Deputy State Chief Information Officer Jim Steele explains how the state’s unique geography ups the ante when it comes to government-constituent interaction.

by / November 29, 2017

Government doesn’t have the luxury of going all-in on digital. It’s not enough to serve most constituents; the public sector has to make sure it serves every citizen, including those who make phone calls and write letters to get questions answered and issues resolved. 

At the annual National Association of State Chief Information Officers (NASCIO) conference in October, state CIOs talked to Government Technology about their efforts and challenges around citizen engagement. But perhaps none are more challenged than the IT team in Alaska — a state with 17 percent of the country’s land area but with fewer than 750,000 in total population.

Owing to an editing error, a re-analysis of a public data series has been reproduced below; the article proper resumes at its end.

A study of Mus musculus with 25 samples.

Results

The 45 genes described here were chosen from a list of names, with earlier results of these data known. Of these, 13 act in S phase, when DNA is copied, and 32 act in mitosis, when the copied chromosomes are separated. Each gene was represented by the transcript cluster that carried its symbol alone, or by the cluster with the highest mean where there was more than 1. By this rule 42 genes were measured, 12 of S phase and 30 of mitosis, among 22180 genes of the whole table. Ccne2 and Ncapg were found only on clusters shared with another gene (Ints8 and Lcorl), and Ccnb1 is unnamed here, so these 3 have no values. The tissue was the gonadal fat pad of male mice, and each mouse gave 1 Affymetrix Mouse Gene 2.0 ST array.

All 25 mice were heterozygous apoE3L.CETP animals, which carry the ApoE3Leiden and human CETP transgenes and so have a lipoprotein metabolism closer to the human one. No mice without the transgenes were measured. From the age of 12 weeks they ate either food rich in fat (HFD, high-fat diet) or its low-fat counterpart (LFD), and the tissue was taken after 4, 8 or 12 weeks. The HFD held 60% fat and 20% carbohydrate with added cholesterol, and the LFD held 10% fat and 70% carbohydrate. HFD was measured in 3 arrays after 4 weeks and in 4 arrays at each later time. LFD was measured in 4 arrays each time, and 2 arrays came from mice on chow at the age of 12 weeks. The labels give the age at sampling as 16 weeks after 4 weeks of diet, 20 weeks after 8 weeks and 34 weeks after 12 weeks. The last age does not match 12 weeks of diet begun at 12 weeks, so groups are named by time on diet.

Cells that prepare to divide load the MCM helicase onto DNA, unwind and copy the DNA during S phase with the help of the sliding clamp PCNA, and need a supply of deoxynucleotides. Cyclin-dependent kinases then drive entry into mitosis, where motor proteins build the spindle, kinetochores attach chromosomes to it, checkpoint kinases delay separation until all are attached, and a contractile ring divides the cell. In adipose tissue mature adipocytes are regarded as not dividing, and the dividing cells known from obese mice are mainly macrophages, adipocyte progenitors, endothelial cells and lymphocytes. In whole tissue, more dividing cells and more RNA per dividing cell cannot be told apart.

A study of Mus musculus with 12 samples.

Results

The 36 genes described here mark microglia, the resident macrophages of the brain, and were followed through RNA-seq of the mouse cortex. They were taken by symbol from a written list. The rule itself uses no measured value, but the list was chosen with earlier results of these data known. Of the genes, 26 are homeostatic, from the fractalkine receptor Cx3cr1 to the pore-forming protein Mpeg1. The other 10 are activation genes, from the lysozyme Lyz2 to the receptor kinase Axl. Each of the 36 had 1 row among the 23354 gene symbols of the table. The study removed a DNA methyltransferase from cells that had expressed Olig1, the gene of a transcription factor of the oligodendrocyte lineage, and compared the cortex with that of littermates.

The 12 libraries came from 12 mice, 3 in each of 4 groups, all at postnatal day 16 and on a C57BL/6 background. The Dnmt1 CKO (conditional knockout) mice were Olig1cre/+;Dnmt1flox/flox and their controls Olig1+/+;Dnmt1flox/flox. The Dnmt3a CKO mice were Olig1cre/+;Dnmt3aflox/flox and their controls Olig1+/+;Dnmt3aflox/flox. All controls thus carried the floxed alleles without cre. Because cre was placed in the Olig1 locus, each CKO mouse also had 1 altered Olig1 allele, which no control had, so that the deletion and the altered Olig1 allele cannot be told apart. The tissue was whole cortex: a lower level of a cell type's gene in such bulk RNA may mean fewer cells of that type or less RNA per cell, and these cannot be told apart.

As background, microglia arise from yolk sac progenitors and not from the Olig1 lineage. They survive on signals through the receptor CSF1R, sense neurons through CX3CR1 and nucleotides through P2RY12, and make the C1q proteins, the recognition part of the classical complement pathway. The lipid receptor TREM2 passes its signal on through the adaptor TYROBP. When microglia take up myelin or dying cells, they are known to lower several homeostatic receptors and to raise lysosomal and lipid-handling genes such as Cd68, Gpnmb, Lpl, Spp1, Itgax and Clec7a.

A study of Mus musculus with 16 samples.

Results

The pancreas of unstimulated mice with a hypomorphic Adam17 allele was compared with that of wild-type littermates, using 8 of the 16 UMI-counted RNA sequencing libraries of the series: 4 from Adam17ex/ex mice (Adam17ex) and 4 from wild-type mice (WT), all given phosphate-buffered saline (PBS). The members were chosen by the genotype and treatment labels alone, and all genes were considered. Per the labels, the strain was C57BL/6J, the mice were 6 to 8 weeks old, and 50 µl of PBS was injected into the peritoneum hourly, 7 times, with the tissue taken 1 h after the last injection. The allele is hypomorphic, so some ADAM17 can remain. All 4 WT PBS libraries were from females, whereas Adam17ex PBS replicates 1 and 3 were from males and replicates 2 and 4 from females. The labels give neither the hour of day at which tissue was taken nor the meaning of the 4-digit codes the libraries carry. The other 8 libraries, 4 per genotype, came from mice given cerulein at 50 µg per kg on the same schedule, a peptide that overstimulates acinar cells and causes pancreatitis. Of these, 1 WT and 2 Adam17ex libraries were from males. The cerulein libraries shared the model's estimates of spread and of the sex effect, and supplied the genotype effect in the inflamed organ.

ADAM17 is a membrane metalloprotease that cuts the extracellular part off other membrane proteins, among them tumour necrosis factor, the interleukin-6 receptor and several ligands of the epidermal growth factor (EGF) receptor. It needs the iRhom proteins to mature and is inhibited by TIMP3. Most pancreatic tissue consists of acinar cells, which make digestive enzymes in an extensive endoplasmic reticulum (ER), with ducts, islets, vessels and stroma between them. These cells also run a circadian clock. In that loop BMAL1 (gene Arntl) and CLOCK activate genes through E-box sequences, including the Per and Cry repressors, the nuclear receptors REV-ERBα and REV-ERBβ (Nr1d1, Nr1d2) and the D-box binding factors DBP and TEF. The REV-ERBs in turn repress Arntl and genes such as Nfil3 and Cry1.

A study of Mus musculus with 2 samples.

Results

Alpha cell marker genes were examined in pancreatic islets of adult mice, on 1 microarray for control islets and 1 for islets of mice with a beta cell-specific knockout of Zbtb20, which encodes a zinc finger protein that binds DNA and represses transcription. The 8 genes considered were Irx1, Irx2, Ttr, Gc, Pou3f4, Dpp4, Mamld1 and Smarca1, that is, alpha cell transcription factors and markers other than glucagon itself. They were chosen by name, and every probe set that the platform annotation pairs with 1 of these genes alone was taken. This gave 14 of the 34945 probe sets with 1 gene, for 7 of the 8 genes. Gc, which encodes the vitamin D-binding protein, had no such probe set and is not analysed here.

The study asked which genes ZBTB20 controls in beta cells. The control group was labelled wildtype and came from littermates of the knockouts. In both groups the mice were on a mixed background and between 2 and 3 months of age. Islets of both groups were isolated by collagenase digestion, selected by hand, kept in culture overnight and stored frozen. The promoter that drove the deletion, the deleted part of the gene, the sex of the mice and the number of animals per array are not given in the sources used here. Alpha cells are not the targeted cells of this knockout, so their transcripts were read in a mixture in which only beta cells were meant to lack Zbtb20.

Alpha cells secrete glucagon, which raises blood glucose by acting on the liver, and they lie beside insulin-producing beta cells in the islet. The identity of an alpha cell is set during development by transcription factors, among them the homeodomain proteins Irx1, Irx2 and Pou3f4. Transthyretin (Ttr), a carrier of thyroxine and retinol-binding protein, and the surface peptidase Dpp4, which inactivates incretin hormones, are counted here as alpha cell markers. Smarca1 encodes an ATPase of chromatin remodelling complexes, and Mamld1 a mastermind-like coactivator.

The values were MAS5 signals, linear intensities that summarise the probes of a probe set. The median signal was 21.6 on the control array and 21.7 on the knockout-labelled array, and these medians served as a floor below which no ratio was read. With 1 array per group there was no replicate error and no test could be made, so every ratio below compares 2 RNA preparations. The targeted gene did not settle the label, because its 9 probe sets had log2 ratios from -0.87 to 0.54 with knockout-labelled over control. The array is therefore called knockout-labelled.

Here, Alaska’s Deputy Chief Information Officer Jim Steele, alongside state CIO Bill Vajda, articulates the scope of the challenge. “We need to maintain some of that infrastructure and capability to serve these populations that are very hard to reach and rely on these old methods,” Steele said. 



Government Technology editor Noelle Knell has more than 15 years of writing and editing experience, covering public projects, transportation, business and technology. A California native, she has worked in both state and local government, and is a graduate of the University of California, Davis, with majors in political science and American history. She can be reached via email and on Twitter.